Jacinda Brown keeps to her safe existence doing investigative research, avoiding people and places with people. To most, it appears she has a normal life; blending completely undetected in her lonely continuation.
She doesn’t investigate people; she can’t get that close. Through her hand she can feel emotions, thoughts. With a touch she can see what has been.
Unfortunately fate tosses her into a situation where her carefully guarded secret and her own conscience are at war when she finds herself working with detectives to find a killer. Jacinda clashes with the very strongly grounded detective, Reid Merritt, destiny has forced her to work with.
At some point he begins to matter, making her decision harder. Will he look at her with abhorrence, like she’s some sort of freak when she’s through?
For as long as she can remember she’s had dreams that lead her to a person that’s somehow connected with her. There are no answers or cures only misery for her when she can’t get anyone to believe her.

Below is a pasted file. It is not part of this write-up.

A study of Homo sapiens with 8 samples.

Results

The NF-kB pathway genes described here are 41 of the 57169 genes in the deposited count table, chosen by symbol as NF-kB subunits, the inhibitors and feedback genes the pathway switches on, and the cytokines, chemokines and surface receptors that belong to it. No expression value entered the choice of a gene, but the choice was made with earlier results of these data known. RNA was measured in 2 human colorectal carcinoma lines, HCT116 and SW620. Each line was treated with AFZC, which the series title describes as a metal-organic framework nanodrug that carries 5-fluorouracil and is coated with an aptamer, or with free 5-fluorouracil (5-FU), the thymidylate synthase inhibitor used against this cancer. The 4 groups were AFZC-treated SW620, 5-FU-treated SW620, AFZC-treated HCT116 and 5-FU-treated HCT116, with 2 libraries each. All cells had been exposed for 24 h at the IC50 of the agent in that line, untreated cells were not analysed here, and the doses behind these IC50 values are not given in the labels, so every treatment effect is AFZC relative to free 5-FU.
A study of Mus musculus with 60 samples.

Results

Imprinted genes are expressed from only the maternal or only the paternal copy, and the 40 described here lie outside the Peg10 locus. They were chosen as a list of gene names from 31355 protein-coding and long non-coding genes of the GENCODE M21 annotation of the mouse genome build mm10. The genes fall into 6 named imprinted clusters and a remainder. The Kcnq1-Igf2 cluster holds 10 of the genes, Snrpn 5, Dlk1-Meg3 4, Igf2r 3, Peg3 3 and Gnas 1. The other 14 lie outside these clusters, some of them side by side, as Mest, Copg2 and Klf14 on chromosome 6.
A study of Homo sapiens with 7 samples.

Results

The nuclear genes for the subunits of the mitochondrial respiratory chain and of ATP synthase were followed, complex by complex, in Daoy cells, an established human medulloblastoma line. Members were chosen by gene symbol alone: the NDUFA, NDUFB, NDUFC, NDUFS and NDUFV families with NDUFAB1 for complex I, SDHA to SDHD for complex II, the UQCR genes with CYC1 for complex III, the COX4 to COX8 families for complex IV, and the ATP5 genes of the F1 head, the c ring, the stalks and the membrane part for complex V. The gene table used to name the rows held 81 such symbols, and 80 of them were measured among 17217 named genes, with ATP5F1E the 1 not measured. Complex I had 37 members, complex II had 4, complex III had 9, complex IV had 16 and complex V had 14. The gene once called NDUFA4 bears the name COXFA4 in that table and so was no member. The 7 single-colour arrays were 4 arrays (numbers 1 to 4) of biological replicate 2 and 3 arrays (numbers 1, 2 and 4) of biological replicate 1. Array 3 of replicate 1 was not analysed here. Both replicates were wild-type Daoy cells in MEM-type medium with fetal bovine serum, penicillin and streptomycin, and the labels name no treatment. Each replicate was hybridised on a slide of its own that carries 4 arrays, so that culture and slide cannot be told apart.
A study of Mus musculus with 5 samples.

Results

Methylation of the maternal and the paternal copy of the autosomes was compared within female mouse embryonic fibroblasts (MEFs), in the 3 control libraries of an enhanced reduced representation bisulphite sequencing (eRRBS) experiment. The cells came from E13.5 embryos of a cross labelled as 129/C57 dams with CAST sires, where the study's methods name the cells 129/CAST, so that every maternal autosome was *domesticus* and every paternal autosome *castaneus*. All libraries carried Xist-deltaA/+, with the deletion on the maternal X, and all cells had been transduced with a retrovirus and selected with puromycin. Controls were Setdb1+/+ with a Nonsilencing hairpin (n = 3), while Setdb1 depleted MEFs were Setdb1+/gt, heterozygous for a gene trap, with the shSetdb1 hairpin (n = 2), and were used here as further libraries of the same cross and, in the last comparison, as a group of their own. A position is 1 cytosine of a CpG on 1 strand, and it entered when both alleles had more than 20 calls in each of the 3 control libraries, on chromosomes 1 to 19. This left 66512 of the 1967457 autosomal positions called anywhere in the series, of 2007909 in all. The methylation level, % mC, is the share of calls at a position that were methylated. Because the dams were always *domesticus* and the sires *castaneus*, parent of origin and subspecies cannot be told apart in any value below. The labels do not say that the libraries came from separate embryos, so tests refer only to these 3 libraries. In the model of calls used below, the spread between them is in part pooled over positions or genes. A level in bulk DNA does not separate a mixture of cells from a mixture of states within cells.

When a child reaches out to her, frightened and in the hands of strangers she forgets the reasons why she shouldn’t tell anyone and goes to the police. She finds herself sent for a court ordered psychiatric evaluation.
It’s not the first time, it won’t be the last. She packs up once again, ready to move as soon as she’s done with another so called doctor. From the moment she steps into the office everything changes and she finds nothing she expected.
Can the child be found before it’s too late or is she facing heartache again?
Ian MacTavish is a loner and finds it easier to stay that way. The constant barrage of other people's thoughts is exhausting, and relationships are even more troublesome for someone with his talent. Using his skill has brought him considerable financial reward, and allowed him to stay uninvolved and unencumbered. When a night of harmless mind surfing leads him further into a twisted plot of chaos and murder, his appearance at the police station surprises him most of all.